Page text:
Every now and then it’s good for political junkies — or in my case, I guess, a combination junkie/pusher — to be reminded that not everyone (or even a majority of anyones) pays all that much attention to politics. A case in point involves Karl Rove.
Gallup has come out with a new poll that establishes, surprise, surprise, that Rove isn’t all that popular with the American people. This from Gallup:
The poll, conducted July 28-30, finds that 22% of Americans have a favorable opinion of Rove, while 38% have an unfavorable opinion and the rest either don’t know who Rove is, or don’t know enough about him to have an opinion. This is a continuation of the pattern observed across the five Gallup surveys that have included measurements of Rove’s image since July 2005; Americans’ ratings of Rove always have been more negative than positive. Rove’s current net favorable rating (the percentage rating him favorably minus the percentage rating him unfavorably) is -16, which is more positive than the -28 net rating in April and is roughly the same as in two polls in October 2005.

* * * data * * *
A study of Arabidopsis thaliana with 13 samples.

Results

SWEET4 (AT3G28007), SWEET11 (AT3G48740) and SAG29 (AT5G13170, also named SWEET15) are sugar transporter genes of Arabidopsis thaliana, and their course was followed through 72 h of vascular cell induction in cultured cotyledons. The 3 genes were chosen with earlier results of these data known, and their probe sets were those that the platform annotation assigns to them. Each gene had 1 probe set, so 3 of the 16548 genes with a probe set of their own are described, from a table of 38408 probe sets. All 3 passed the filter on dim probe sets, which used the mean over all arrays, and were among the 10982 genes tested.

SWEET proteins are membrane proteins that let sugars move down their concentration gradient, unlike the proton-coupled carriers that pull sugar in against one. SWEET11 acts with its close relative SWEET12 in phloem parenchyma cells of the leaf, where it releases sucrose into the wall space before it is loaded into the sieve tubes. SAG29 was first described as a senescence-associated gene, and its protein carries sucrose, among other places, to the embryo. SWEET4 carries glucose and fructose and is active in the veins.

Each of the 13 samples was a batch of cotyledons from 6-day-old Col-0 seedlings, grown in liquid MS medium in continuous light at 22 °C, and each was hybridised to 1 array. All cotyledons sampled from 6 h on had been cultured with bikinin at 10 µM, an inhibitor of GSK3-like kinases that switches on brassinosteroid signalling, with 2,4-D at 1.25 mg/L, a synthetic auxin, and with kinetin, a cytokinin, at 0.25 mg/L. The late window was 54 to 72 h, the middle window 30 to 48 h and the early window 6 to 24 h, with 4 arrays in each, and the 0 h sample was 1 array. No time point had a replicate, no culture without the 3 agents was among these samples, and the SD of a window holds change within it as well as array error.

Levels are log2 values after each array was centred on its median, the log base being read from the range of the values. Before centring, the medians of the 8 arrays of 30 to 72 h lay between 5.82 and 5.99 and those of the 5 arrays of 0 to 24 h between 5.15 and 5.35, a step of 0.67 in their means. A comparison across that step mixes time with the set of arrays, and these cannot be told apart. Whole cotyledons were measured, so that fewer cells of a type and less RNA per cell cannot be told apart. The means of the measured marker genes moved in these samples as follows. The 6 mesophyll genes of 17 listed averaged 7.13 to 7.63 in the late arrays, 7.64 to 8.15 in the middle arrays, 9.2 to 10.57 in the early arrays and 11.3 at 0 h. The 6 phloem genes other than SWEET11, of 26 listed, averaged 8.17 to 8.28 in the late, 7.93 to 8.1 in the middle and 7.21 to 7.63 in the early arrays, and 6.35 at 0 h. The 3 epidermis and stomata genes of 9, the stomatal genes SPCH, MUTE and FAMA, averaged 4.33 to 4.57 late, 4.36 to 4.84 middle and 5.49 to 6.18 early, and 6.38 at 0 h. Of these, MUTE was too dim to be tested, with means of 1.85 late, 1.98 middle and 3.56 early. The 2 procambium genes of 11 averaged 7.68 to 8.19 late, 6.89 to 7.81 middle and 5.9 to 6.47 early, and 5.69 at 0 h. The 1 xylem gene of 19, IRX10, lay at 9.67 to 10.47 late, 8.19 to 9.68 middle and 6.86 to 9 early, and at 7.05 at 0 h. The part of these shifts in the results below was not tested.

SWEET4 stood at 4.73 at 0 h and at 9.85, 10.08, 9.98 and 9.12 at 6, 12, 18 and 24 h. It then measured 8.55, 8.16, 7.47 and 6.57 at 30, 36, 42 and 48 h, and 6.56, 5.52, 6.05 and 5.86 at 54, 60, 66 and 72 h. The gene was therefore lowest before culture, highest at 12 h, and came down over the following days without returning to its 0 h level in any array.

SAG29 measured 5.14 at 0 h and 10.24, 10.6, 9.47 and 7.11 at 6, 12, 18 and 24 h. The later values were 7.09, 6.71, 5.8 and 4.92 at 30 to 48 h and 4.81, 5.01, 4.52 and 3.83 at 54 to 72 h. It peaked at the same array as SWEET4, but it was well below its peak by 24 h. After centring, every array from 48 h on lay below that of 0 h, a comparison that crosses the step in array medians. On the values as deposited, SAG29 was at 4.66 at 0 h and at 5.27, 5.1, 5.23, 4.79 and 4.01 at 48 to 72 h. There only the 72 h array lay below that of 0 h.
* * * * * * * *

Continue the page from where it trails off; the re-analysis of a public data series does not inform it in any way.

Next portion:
All of the findings are interesting, certainly, but what’s most striking to me is the percentage of respondents who have no opinion: According to the poll, about 40% of Americans “either don’t know who Rove is, or don’t know enough about him to have an opinion.” Wow.
Now, if we were talking about just any old presidential assistant or cabinet member even, this wouldn’t be surprising. But Karl Rove? He is unquestionably one of the most widely discussed political figures of our time.
How could anyone even occasionally watch a television news program, read a paper or even tune into the late night talk shows, without knowing a bundle about Karl Rove?
While perhaps not a new observation, this still represents a level of public disinterest in the workings of democracy that is nothing short of staggering. And when you remember that it’s these very people who ultimately decide who governs this nation, well, it can almost make you cry.